The Language of Mental Health in the Nineteenth Century

By Lalita Kaplish / 03.02.2016
Wed Editor
Wellcome Library

George Shuttleworth was a psychiatrist and an asylum superintendent at the Royal Albert Asylum in Lancaster for 23 years. He was also an important campaigner on education for mental patients. His book, ‘Mentally Deficient Children’ is an argument for the education of children with developmental and learning disabilities.  It was the standard text on the subject and ran to five editions from 1895 to 1922 – the ‘British Medical Journal’ declared it “such a widely read book… that there can be few psychiatrists throughout the civilised world to whom his name is not familiar”.

For the modern audience, Shuttleworth’s use of terms such as mentally deficient, idiot, imbecile and feeble-minded make for uncomfortable reading. Yet this was the language of mental health for the medical community, as well as society at large, in the 19th and early 20th centuries.

Terms such as lunacy and idiocy were used clinically, but their meaning was imprecise and often referred to a complex mix of symptoms and causes covering a range of conditions. Daniel Hack Tuke’s ‘Dictionary of Psychological Medicine’ defines a lunatic as “one who hath had understanding but by disease, grief, or other accident hath lost the use of his reason.” In the broadest terms, lunacy generally applied to mental illness, while idiocy applied to brain damage or developmental and neurological conditions.

Shuttleworth’s term ‘mental deficiency’ covers a whole range of conditions, including traumatic cerebral damage, emotional damage, toxic damage from “parental intemperance” or opium, “inherited syphilis”, premature birth, “severe febrile illness”, “formative and developmental defects” such as “mongol type” and defects of nutrition.

The difference between idiocy and imbecility,” he explains, “being one of degree not kind, it will suffice to say that the former designation is applied to the lower grades, the latter to the higher grades of marked mental defect, whether congenital or acquired. Mental feebleness (feeble-mindedness) is distinguished by departures from the normal mental development less marked than the above.”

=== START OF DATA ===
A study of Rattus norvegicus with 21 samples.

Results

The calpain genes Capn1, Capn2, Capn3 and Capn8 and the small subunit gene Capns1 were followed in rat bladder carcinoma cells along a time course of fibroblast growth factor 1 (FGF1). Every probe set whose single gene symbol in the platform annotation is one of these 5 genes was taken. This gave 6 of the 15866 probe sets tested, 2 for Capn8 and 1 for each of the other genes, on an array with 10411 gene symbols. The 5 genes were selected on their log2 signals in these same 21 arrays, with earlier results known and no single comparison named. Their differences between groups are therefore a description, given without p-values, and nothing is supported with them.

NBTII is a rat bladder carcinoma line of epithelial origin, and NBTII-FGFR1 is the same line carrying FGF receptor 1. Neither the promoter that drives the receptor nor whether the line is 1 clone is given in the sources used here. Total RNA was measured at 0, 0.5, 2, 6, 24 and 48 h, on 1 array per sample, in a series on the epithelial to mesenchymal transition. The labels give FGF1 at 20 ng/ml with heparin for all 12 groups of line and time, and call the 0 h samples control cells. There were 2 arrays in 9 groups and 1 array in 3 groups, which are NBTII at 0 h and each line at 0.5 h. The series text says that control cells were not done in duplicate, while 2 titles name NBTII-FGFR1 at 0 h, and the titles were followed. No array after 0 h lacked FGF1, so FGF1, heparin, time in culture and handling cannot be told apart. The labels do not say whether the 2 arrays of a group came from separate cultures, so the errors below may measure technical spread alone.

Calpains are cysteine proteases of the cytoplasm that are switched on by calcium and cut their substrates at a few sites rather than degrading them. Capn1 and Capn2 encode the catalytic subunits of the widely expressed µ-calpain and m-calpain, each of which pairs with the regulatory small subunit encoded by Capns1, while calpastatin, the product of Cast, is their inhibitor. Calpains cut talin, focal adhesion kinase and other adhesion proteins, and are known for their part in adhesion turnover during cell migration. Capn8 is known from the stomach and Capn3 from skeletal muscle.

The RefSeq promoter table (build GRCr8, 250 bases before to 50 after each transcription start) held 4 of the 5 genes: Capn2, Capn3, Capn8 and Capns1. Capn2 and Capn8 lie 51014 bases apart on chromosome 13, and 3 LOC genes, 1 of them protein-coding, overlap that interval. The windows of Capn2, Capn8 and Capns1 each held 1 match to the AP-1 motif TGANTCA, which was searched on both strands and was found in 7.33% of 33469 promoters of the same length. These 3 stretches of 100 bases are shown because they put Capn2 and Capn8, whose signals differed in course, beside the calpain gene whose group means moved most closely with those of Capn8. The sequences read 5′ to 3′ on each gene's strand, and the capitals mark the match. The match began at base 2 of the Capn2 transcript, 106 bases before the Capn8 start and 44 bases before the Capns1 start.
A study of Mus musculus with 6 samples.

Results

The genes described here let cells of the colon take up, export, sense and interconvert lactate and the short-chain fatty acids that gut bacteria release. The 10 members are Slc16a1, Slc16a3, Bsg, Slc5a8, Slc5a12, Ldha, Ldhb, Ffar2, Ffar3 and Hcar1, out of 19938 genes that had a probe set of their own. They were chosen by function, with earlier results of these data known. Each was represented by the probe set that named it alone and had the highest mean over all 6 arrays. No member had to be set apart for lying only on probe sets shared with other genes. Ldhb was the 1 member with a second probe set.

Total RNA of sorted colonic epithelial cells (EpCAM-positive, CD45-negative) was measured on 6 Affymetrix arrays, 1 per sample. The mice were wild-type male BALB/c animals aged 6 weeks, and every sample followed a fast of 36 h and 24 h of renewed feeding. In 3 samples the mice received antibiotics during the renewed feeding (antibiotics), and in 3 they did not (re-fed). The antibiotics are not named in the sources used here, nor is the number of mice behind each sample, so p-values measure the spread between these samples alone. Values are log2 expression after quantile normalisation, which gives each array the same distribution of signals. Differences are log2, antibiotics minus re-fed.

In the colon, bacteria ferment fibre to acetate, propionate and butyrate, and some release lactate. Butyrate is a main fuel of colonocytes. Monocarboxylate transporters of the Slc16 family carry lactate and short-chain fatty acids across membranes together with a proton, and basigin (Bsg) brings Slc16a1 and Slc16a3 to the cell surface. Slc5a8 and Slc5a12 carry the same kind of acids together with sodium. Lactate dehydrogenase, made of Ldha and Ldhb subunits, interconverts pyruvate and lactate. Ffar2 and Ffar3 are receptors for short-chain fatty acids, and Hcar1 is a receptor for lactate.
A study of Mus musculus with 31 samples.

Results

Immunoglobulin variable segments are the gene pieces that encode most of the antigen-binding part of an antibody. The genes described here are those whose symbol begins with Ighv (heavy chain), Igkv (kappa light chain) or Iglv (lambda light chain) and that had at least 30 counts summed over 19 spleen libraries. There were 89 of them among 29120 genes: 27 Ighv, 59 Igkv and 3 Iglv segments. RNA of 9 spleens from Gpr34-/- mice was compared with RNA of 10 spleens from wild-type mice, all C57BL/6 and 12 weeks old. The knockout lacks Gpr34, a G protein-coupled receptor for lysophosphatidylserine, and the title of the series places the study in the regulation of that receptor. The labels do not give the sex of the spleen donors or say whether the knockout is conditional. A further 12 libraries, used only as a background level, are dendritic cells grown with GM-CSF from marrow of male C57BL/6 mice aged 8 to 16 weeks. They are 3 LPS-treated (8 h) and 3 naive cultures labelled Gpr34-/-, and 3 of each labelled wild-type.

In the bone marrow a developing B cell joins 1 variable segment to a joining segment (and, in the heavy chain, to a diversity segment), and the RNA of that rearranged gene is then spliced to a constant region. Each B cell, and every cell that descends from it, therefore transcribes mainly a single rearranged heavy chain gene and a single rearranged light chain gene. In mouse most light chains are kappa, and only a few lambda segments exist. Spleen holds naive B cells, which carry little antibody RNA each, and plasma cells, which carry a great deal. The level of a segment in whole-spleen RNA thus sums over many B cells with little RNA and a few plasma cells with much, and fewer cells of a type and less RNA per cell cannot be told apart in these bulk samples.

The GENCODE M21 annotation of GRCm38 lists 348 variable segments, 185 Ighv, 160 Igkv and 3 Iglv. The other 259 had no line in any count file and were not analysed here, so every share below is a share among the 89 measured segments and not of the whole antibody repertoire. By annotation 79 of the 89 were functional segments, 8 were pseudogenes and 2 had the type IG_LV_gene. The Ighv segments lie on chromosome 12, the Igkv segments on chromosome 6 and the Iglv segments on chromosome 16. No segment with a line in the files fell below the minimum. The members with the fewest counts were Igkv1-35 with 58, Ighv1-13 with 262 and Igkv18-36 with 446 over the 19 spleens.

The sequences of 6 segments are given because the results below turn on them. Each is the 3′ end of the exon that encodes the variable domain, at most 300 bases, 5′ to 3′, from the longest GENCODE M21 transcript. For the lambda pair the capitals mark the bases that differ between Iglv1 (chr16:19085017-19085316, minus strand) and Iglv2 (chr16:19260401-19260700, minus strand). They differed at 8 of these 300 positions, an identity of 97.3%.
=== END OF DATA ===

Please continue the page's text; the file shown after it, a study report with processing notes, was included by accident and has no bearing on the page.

“Portraits of patients labouring under various forms of mental defect and disorder”. From ‘A Dictionary of Psychological Medicine’, 1892.

Given these were legitimate clinical terms of their day, why do they make us so uncomfortable? Is it because terms such as ‘idiot’ and ‘imbecile’ have become general terms of abuse in the playground and beyond?

It seems like more than squeamish ‘political correctness’ to me. Patients were identified as imbeciles, idiots, cretins and mongoloids rather than as people who had learning disabilities or developmental conditions. Underlying this was an ideology of social control.

Shuttleworth says “unfortunately there is sometimes associated with mental defect … moral weakness. He quotes Dr Blandford, Fellow of the Royal College of Physicians, on the issue of ‘moral insanity‘ or ‘moral imbecility’: “There is a tendency to low and depraved habits, brutish and sensual enjoyment, to low company … they show an absolute disregard for truth or for right behaviour.” As Blandford notes, it is not the behaviour in itself that is at issue, but whether it is appropriate for a person’s situation and place in society: “In examining such an individual we must consider his conduct in regard to his environment and bringing up. What might be passed over in the lower walks of life is in the higher evidence of a degraded mental state”. And a medical diagnosis of moral insanity could be a licence to incarcerate such people, in case their behaviour  ‘contaminated’ the wider population either by example or through their progeny.

What, then, do we make of Shuttleworth, a leading campaigner for the education of mental patients but nevertheless a man of his time? His obituary in the British Medical Journal says: “His character and personality were such that those who knew him mourn the loss of a warm-hearted friend and a sage counsellor, who was ever ready to give his services in the cause of the needy and distressed.”

G. and D. B. aged 24 and 19, after ten years continuous treatment for “sporadic cretinism”. In ‘Mentally Deficient Children’, 3rd edition, 1910.

There is no doubt that he was a caring person. Along with all his social arguments and campaigning for the education of mental patients, at the very end of the book he concludes: “After all much that has been done for the idiot and imbecile and even for the feeble minded can only be justified on the ground of that quality of mercy which is ‘nobility’s true badge’.”

For me, there are two lessons here. The first is to beware of judging people from the past on our terms. The second is to question what presumptions, prejudices and beliefs lie hidden in the attitudes of even the most ‘enlightened’ of us when it comes to mental health today.

George Shuttleworth’s personal archive has been digitised by the Wellcome Library.

Originally published by Wellcome Library under a Creative Commons Attribution 4.0 International license.